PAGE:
Domain Convergence

Okay, how is this for a definition of convergence:

An infinite sequence xs :: [()] converges if there exists an n such that for every m > n, xs !! m = xs !! n. In other words, this is a bunch of programs which either halt or don’t, and after some point, either they all halt or they all don’t.

Then an infinite sequence xs :: [a] converges if map f xs converges for every f :: a -> ().

Sound good?


  1. Explain to me how the convergence determines if they halt? I mean, “cycle [()]” converges at n == 0, but “map f $ cycle [()]” doesn’t halt.

  2. I think I understand:

    An infinite list ys :: [()] converges iff there exists n st for all m>n x!!m == x!!n where bottom == bottom.

    So a list xs :: [a] exactly when it eventually provides the same (or indistinguishable) input to any given function.

    On computable types does this give any convergent lists which aren’t eventually constant?

    If, for some hausdorff topology, you limit the definition to continuous partial functions a -> () then I *think* you recover the normal definition of convergence. If it doesnt converge (topology-wise) you can always pick some cts function that seperates pairs of points by failing on one.

  3. And since I was talking Haskell, continuous partial functions is what I meant.

    After some thought, I don’t think this is a good definition. For example, consider the following:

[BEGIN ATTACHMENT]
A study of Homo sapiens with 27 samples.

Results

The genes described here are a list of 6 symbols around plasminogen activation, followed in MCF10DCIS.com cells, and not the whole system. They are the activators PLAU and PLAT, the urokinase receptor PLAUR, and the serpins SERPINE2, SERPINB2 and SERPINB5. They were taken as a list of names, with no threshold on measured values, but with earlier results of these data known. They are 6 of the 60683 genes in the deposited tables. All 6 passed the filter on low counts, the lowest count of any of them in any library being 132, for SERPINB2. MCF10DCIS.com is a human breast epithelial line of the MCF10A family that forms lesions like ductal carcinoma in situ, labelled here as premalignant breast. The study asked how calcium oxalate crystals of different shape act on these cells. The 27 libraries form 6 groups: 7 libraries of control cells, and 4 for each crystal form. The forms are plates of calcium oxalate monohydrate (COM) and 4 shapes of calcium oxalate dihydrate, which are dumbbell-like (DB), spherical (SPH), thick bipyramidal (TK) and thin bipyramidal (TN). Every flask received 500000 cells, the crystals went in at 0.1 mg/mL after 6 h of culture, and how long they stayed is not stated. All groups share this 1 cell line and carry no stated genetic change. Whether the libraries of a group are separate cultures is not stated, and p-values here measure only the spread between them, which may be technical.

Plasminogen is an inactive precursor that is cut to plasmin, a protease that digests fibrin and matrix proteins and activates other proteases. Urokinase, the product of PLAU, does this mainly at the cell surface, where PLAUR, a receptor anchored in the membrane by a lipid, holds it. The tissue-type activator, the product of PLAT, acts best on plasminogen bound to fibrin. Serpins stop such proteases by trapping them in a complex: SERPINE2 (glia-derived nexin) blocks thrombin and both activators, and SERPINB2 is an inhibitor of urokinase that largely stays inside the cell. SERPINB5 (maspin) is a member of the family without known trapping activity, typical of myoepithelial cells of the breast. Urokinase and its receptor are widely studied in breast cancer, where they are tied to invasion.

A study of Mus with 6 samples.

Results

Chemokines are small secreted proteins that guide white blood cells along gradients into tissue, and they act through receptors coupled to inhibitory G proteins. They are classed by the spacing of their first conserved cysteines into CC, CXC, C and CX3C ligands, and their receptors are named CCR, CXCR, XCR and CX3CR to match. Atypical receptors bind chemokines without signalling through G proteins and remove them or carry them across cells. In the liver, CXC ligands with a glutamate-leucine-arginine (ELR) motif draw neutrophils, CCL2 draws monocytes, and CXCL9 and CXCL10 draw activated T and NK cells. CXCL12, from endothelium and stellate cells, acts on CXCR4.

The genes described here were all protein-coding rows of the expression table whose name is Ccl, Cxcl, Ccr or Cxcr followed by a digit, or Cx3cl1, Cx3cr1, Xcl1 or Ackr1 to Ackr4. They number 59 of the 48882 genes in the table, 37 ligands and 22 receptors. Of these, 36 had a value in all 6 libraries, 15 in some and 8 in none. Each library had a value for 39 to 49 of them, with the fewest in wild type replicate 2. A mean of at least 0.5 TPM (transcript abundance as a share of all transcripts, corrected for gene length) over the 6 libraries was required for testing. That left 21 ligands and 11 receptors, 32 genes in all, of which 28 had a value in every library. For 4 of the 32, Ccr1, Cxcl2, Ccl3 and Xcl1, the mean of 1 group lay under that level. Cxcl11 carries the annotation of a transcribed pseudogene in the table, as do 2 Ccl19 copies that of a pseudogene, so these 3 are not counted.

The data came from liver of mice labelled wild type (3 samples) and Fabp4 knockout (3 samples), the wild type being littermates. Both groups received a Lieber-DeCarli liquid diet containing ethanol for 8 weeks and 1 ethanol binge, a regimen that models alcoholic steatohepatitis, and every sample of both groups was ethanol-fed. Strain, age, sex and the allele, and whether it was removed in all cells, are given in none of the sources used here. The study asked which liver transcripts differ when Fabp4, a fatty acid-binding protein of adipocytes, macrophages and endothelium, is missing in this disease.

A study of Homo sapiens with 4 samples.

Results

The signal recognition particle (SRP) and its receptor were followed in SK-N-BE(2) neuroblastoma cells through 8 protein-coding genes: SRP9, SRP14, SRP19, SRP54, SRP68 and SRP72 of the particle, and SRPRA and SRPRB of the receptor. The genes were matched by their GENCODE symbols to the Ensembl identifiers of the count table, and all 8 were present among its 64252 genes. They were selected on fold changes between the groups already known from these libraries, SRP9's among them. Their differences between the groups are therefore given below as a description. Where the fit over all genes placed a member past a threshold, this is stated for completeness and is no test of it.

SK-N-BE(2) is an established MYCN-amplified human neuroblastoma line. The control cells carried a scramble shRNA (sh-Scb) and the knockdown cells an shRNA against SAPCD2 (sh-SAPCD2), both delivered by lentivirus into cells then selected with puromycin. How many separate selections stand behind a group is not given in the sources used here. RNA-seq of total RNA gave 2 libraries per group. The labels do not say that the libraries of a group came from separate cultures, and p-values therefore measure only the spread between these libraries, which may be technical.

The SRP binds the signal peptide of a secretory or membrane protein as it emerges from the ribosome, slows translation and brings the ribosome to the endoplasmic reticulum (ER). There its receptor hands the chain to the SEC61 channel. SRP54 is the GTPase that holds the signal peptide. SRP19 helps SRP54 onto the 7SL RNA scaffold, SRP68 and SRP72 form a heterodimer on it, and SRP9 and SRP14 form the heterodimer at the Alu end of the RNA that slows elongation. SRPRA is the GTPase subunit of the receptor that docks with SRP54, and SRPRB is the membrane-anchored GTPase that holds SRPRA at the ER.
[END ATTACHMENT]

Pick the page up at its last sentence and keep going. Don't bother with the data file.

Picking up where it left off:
s = [ replicate n False ++ repeat True | n <- [0..]]

    I would really like to say that this converges to “repeat False”. However, the following function demonstrates that it does not converge:

    f = convert . even . fromJust . findIndex id
    where
    convert True = ()
    convert False = undefined

    If we changed the primitive definition to be on total elements of Bool (using the standard discrete equality, of course), and change the general definition to only be from total continuous functions a -> Bool, then this sequence would converge (because each function has a finite modulus of uniform continuity — a place in the sequence past which it will never examine).

    I’m worried that it is overly restrictive. But overly restrictive means it would causes too many sequences to converge, and thinking about it, I don’t think it does.

    This new definition in words: a sequence converges if its elements are eventually indistinguishable by every continuous total predicate.

  4. Re your comment: You say

    I’m worried that it is overly restrictive. But overly restrictive means it would causes too many sequences to converge, and thinking about it, I don’t think it does.

    However, you have weakened the test for convergence (by allowing fewer test functions), so I think that this can only be more permissive, not less.

  5. Loren: Uh, yeah, that’s what I was saying.

    Despite my hunch, it turns out it is too permissive. I had thought of this definition before, and discounted it for the following reason, then considered it again and forgot the reason :-).

    The problem is that every continuous total predicate from a connected space is constant. So, using this new definition, every sequence of reals converges. This is obviously not correct.

    I’m going to study more topology and ASD and then come back to this question.